The crane atop One57, the rising $1.5 billion residential tower designed by Christian de Portzamparc opposite Carnegie Hall, has fallen over in the winds of Hurricane Sandy, leaving it dangling dangerously 1,000 feet over West 57th Street in the heart of Manhattan. Firetrucks and police cars have swarmed the area and closed off several blocks to all pedestrians and traffic as the winds increase.
Terry McGettigan, a tower crane expert in Seattle with 36 years of operating, maintenance and inspection experience, told Record's sister publication, ENR, in a phone interview that the crane, believed to be a Favelle Favco Model 440 luffing jib unit, is in a precarious situation that should be handled with extreme care.
"That thing is not hanging on by much," said McGettigan on October 29, responding to news photographs and live television coverage not long after the 1,000-ft-high crane's jib was blown backwards over its counterweight. "There is a possibility that the jib could come down."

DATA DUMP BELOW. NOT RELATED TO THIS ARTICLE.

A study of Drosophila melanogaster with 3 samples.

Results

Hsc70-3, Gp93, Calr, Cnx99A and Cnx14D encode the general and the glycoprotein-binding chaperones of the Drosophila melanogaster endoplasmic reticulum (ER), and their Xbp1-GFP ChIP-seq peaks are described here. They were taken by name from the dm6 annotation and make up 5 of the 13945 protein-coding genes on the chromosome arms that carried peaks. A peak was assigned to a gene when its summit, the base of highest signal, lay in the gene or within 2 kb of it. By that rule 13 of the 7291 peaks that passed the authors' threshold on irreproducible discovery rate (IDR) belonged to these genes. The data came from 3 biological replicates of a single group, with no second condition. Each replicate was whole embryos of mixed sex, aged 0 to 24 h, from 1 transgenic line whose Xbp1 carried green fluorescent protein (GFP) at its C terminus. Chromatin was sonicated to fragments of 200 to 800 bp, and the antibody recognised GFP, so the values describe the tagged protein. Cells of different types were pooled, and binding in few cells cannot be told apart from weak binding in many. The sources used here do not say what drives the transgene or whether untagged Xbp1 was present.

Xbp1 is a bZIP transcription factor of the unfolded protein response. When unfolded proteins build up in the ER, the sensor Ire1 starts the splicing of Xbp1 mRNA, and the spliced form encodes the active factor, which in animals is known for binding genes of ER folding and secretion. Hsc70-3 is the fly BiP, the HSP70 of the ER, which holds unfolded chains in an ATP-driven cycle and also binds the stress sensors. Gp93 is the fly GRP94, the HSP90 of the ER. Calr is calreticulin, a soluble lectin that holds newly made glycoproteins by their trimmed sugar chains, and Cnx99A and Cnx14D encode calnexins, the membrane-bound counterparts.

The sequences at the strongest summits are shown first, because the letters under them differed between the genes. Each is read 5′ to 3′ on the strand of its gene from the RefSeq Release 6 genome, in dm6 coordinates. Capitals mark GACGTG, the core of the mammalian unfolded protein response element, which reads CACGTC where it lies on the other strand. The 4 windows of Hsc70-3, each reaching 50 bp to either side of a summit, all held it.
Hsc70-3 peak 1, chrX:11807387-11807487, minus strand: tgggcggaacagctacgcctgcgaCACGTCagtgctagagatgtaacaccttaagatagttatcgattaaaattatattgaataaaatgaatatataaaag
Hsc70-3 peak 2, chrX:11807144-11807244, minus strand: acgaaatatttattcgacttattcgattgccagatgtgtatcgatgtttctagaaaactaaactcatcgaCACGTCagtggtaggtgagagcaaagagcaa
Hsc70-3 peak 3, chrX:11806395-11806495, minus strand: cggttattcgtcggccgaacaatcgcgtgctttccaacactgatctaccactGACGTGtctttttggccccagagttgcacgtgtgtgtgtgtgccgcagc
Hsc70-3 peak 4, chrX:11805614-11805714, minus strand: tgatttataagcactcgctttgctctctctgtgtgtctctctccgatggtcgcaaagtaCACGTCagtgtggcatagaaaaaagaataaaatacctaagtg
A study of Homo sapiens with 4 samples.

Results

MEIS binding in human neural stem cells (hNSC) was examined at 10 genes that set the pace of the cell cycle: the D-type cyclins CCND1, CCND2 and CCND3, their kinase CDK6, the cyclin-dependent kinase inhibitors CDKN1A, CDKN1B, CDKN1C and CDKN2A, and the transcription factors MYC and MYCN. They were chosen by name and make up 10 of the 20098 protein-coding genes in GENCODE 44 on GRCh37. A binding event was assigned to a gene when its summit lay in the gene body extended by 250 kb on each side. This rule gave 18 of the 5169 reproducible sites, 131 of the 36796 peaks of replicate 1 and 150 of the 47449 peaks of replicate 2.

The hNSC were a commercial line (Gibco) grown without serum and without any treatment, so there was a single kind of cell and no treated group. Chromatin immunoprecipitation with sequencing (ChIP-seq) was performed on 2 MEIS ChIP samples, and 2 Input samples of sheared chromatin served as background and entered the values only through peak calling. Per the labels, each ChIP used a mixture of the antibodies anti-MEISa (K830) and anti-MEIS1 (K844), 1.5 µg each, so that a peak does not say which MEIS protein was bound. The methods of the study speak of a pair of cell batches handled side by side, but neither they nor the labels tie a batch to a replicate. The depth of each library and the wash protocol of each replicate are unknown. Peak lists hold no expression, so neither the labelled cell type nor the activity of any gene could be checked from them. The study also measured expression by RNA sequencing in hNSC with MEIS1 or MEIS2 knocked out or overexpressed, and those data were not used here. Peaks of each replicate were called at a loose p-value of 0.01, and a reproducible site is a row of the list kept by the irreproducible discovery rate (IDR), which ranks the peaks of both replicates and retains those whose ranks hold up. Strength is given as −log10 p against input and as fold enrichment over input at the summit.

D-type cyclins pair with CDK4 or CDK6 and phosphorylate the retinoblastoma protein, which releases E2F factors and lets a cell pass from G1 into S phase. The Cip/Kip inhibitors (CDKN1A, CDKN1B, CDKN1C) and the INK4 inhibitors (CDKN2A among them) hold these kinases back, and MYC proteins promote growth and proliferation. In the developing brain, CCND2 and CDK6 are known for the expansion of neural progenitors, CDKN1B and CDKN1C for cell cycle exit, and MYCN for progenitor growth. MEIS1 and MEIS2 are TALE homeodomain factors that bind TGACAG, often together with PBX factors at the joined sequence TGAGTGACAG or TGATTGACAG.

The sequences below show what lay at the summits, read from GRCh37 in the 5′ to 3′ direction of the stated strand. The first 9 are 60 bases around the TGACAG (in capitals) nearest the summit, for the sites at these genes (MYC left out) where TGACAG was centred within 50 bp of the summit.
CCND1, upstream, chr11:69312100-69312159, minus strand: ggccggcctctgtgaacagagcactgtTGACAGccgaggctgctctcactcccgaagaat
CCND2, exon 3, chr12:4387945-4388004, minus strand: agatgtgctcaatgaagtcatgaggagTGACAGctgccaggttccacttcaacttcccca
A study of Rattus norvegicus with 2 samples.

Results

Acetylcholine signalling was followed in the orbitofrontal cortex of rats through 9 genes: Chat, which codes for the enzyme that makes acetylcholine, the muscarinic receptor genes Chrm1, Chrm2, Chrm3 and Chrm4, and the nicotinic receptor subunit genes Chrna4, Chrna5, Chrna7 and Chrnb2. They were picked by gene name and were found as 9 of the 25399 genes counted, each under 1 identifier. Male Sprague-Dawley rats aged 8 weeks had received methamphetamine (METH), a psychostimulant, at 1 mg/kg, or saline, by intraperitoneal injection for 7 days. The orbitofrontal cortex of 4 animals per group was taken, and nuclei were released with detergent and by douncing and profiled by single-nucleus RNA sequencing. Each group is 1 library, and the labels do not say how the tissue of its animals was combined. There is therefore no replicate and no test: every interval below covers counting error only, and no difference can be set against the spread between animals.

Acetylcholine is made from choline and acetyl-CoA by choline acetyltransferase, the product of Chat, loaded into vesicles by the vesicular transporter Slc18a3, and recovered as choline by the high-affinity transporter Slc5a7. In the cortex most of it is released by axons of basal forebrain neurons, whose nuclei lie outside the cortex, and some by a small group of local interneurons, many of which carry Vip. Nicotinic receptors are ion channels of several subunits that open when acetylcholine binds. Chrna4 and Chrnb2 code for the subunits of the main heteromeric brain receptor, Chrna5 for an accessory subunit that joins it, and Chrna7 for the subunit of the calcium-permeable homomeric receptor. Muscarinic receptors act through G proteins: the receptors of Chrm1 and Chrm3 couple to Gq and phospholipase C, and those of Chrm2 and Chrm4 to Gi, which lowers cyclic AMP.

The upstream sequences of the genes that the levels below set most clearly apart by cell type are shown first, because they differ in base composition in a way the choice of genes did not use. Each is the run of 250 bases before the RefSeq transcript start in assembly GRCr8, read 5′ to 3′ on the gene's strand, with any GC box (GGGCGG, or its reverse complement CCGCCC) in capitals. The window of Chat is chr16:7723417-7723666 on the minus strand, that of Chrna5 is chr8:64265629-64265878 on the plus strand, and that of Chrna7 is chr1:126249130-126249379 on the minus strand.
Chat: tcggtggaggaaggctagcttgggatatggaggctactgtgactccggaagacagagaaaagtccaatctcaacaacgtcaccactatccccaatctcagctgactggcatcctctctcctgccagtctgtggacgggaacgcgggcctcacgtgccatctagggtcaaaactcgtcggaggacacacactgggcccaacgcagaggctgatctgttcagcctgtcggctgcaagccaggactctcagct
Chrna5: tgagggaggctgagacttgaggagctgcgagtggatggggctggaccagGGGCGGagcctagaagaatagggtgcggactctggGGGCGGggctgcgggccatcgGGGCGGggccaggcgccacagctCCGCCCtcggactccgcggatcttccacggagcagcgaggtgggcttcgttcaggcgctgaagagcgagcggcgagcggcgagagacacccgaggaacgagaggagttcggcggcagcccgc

The New York City Fire Dept. said it was on the scene with other city officials and in the process of securing the area around the tower. FDNY received a call about the incident at 2:32 P.M. on October 29 and was on the scene with other emergency personnel.
Owned by Extell Development, the Manhattan structure is scheduled for completion next year. The tower is an 882,141-sq-ft mixed-use structure that includes 95 luxury condominium residences, a hotel, and parking spaces. The New York Times has called the 75-story, 1,004 foot-tall building overlooking Central Park a “Billionaire’s Haven,” where many apartments have already sold for tens of millions of dollars, and one for more than $95 million. Extell and the Department of Buildings were not available for comment. Lend Lease, the project's construction manager, did not respond to requests for comment.